3 Ways to Customize QlikView Functionalities for Better, Faster Results

Akshay JainMarch 2, 2016

Many of our clients have turned to QlikView as their preferred BI and data analytics tool—and for good reason. Not only is QlikView easily deployable and configurable, but thanks to its in-memory database, it offers incredible speed and performance. Additionally, QlikView’s patented “associative technology” ensures that users derive intelligence and insights on demand, while its user-driven interface makes it simple for both technical and non-technical users to produce stunning reports within minutes of installation.

Despite all of these great features, QlikView does have its limitations. In situations where traditional QlikView functionalities cannot achieve the desired outcome, a customized approach can help. While there are numerous ways to customize QlikView, in this post, we highlight three ways our InfoCepts team has customized QlikView to achieve better data visualization and analytic results for our customers:

Case 1: Designing a Drop Down Select for Responsive Navigation
With numerous reports classified into different categories, our client needed a way to improve the ease of navigation so that users could quickly and efficiently find and access specific reports.

To address the issue, we customized text boxes in QlikView to create a drop down select feature. By using variables with appropriate actions, the drop down menu allowed users to easily select and navigate to the screen of their choice. Highlighting activated sheets with a different color further improved the ease of navigation for users.

This custom approach has several advantages. First, a drop down select conserves screen space—with the list’s options hidden, a lot of information can be included in the form without cluttering the entire page. Second, a drop down provides a logical grouping of the content. Finally, a responsive select menu creates a familiar user experience, similar to the type of drop down navigation found on websites.

Case 2: Creating a Default Selections Macro
Our client was managing numerous reports from multiple sources and needed to set a number of defaults across multiple screens. Manually selecting these defaults was time-consuming and the client was looking for a better way to handle the issue.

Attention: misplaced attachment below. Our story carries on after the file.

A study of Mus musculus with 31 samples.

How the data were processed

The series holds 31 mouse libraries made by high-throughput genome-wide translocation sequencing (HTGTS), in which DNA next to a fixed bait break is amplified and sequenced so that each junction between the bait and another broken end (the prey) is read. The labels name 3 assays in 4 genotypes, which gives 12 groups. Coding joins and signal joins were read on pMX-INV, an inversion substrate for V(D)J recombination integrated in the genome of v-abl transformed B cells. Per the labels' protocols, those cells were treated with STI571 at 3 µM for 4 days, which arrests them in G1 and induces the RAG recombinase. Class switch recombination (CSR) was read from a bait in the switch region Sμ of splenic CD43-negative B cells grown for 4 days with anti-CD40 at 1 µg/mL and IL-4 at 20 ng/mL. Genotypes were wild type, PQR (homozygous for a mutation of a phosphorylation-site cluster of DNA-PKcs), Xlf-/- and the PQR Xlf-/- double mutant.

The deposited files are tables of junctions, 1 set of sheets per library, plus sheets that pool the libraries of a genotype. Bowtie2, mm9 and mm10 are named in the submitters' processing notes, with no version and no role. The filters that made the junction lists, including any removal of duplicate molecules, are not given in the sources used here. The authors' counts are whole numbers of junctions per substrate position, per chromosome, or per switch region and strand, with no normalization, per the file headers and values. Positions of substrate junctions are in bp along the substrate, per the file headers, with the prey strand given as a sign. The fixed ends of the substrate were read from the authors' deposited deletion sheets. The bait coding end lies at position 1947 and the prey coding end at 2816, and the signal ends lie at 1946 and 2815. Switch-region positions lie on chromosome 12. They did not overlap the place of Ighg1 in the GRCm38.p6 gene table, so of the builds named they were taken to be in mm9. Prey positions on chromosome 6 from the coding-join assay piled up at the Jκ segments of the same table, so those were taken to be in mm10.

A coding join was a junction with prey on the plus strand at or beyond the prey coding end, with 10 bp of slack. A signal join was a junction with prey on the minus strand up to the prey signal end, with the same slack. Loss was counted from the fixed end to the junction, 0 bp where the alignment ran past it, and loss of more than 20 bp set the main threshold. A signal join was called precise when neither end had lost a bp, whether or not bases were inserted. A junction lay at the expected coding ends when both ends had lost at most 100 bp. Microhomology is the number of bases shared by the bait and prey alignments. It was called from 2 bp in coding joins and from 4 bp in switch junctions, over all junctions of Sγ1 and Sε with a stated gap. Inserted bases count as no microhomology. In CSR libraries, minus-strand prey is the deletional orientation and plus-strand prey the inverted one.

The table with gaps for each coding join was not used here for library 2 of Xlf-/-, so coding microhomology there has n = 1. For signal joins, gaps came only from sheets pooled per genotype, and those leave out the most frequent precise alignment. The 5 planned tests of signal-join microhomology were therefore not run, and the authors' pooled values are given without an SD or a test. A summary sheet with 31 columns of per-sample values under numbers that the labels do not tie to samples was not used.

Typically, developers would address this issue by creating a trigger or a bookmark in QlikView. However, there were downsides to both approaches. Using triggers can have a substantial impact on performance. Bookmarks, on the other hand, do not create performance issues, but they remain visible to the users—something the client wanted to avoid as well.

To speed the modification process while avoiding the downsides of triggers and bookmarks, InfoCepts determined a macro would be the best solution. Macros are VB script or J script codes written inside a QlikView document. The macro was written for default selections to be enabled on post reload. Using ActiveDocument and the Select function, the required values would be selected from a dimension. This dimension could also be evaluated by selecting minimum/maximum values or a specific period range using the Evaluate function.

The benefits of this approach were many:

  • Reduced the overall time to select defaults
  • Improved the overall performance of the system
  • Usable across applications
  • Created a post reload macro that is supported when running in AJAX client

Case 3: Using Macros to Automatically Update Graph Data
A client had a number of graphs in a PowerPoint template. The current process was to export the data to Excel, then generate the graphs in Excel and import these into PowerPoint. It was a multi-step process that took considerable time.

While skipping the Excel step would save time, QlikView can only export data, not graphs, so this step could not be skipped. For a solution, InfoCepts determined that using macros would essentially automate the process for the client and save considerable time.

To create the custom macros, InfoCepts wrote two macros, using a VB script. The first macro exported the data from QlikView to Excel while the second macro exported the data from Excel to PowerPoint. With the macros in place, the client only needed to run the macros and the PowerPoint presentation would be automatically updated with the new data, saving the client significant time, eliminating errors, and allowing the graphs to be quickly and consistently updated.

As these cases illustrate, customizing QlikView functionalities can not only improve the data environment—making it easy for end-users to see and understand the data—but save time, simplify processes, reduce errors, and improve performance.

Interested in how QlikView can be customized to improve your BI and analytics environment? Give us a call, we have the expertise to guide you to the best approach for the best results.